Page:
Endless Sale

Endless Sale

rhinohornYesterday South Africa’s highest court legalized the domestic sales and marketing of rhino horn.

Technically, this does not alter South Africa’s avowed adherence to the CITES treaty which bans international sales and marketing, but technically, this is nonsense. The South Africans have loop-holed the international treaty.

Rhinos are doing well … in captivity. South Africa estimates there are 20,000 in its country. There are, in fact, probably more rhinos than lion, although more lion in the wild. The reasons that rhinos don’t survive in the wild is because they’re very easily killed.

A small gun operated by a single individual who shoots well can easily hit the super large heart of a rhino from the side of the animal. As powerful and irritable and dangerous as the animal can be in the wild, it’s nearly a sitting duck.

Rhino are killed for their horn, which for hundreds if not thousands of years has been used in Asia for medicine. As I’ve often written I’m incensed by mostly western racists who claim its appeal is mainly as an aphrodisiac. It’s no more used as an aphrodisiac than aspirin, and in fact its traditional use has pitifully been as a fever and pain reducer.

There are, of course, individuals and small sects that treat ground rhino horn as mystical and super medicine for all sorts of reasons, not least of which is to impede aging. But the vast majority of its use historically has been for very ordinary ailments.

Where its particular value comes in Chinese apothecaries is when it’s mixed with other weird animals products like ground bear foot or certain types of rare desiccated frogs. Then its assumed potency for curing reaches levels of cancer chemotherapy. The power of science to dispel these absurd beliefs is apparently not enough. Key to understanding: Senator Inofe’s certainty that climate change is a hoax, or the 50% of America’s population who does not embrace evolution.

A rhino horn is small enough to be relatively easily concealed. A 2 kg. rhino horn sells in a middleman market in places like Djibouti or Sanaa for more than $10,000. By the time it’s processed, a quarter teaspoon of ground rhino horn can sell for more than $500 in Vietnam. This is, by the way, less than most cancer drugs.

The fabulous CITES treaty that saved elephants in the wild and countless other animals and plants bans the international trade of rhino horn.

South African rhino breeders brought the suit a number of years ago against South Africa’s internal law against selling and marketing rhino horn. South Africans passed the law to reenforce the CITES ban. (Keep in mind that the U.S. has no such law.)

Captive rhino farmers opposed the law from the get go. Their argument is that the healthy, captive and growing population of rhino in South Africa must be compensated somehow, and that the best way to do so is to allow the sale of rhino horn within South Africa.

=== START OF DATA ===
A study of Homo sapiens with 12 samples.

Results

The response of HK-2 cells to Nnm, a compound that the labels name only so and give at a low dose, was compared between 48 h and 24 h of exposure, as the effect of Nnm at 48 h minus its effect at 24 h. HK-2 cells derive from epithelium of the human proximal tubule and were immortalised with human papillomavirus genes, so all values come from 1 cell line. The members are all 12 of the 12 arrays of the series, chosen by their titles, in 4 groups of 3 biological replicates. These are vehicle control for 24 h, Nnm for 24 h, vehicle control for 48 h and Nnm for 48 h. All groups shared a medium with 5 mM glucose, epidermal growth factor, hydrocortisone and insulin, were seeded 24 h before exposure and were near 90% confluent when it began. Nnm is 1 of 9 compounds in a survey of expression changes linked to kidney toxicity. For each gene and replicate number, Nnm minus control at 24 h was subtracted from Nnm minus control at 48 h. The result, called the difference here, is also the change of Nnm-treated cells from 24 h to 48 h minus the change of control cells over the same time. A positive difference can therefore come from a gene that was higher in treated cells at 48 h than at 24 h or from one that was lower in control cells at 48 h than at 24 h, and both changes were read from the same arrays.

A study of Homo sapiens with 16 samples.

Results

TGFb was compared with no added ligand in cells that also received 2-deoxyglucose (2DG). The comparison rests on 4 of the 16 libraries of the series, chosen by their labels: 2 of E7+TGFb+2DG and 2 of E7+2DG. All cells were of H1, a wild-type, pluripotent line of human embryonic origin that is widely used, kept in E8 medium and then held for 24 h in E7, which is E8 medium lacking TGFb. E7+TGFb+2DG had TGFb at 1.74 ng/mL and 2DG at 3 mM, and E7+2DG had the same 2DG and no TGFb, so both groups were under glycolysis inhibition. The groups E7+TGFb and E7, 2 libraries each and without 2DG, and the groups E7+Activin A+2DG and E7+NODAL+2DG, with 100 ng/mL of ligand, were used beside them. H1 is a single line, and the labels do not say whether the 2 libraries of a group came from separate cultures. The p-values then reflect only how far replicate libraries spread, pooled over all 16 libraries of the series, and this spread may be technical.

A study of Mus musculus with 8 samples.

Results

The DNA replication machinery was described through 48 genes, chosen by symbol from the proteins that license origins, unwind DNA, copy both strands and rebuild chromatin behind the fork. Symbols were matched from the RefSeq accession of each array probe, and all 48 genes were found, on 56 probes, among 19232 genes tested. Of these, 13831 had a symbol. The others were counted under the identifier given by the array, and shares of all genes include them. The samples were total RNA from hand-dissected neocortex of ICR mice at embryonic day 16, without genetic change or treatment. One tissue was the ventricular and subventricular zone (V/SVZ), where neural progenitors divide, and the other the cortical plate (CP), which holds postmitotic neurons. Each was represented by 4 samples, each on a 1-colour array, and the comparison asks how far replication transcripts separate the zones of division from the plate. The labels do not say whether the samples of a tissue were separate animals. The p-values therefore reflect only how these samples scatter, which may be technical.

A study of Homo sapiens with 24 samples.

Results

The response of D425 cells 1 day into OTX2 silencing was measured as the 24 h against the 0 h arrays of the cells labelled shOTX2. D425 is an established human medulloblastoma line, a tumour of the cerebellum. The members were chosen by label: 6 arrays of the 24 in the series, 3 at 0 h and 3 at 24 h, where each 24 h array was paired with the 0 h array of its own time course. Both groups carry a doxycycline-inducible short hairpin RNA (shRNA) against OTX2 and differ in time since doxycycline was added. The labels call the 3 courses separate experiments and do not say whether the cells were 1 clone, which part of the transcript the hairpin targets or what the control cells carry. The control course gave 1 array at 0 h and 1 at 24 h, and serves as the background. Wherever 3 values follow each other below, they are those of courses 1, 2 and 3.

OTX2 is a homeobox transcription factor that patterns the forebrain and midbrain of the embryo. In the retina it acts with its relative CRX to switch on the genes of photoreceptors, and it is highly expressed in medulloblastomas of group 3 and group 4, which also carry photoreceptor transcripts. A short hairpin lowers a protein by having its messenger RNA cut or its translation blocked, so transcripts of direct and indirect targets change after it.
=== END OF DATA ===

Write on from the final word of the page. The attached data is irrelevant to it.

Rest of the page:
To?

South Africans, of course the farmers answer. There is a large population of Indians and Asians in South Africa, presumably who believe in rhino horn as medicine.

The the World Wildlife Fund disagrees:

“Given that there is no existing market for rhino horn in South Africa, lifting the domestic trade ban could very easily spur increased illegal international activity,” one WWF official told the New York Times yesterday.

Plausible, but I think there’s something worse:

National regulations already exist in South Africa for the sale and marketing of rhino horn within the country. The suit brought against that policy of interdiction and the court’s final verdict that upheld the farmers’ claims, has prompted the current South African government to announce a working draft of new national regulations.

Among those is the allowance of visitors to leave South Africa with 2 rhino horns if they can demonstrate they are for “personal use.”

Presumably this will increase tourism from Asia, but it’s a blatant attempt to circumvent CITES.

Rhino are doing well in captivity. Unlike elephant and numerous other species, even a complete lack of enforcing the international CITES regulations will not result in rhinos going extinct, precisely because so many exist in large, private reserves and other captive facilities.

What troubles me is the duplicity of the South African government and its court to insist it’s upholding CITES while protecting presumably only its local market.

If all the countries of the world followed South Africa’s example, there would de facto be no effective CITES ban. That is the world, today. Every country, every man for himself.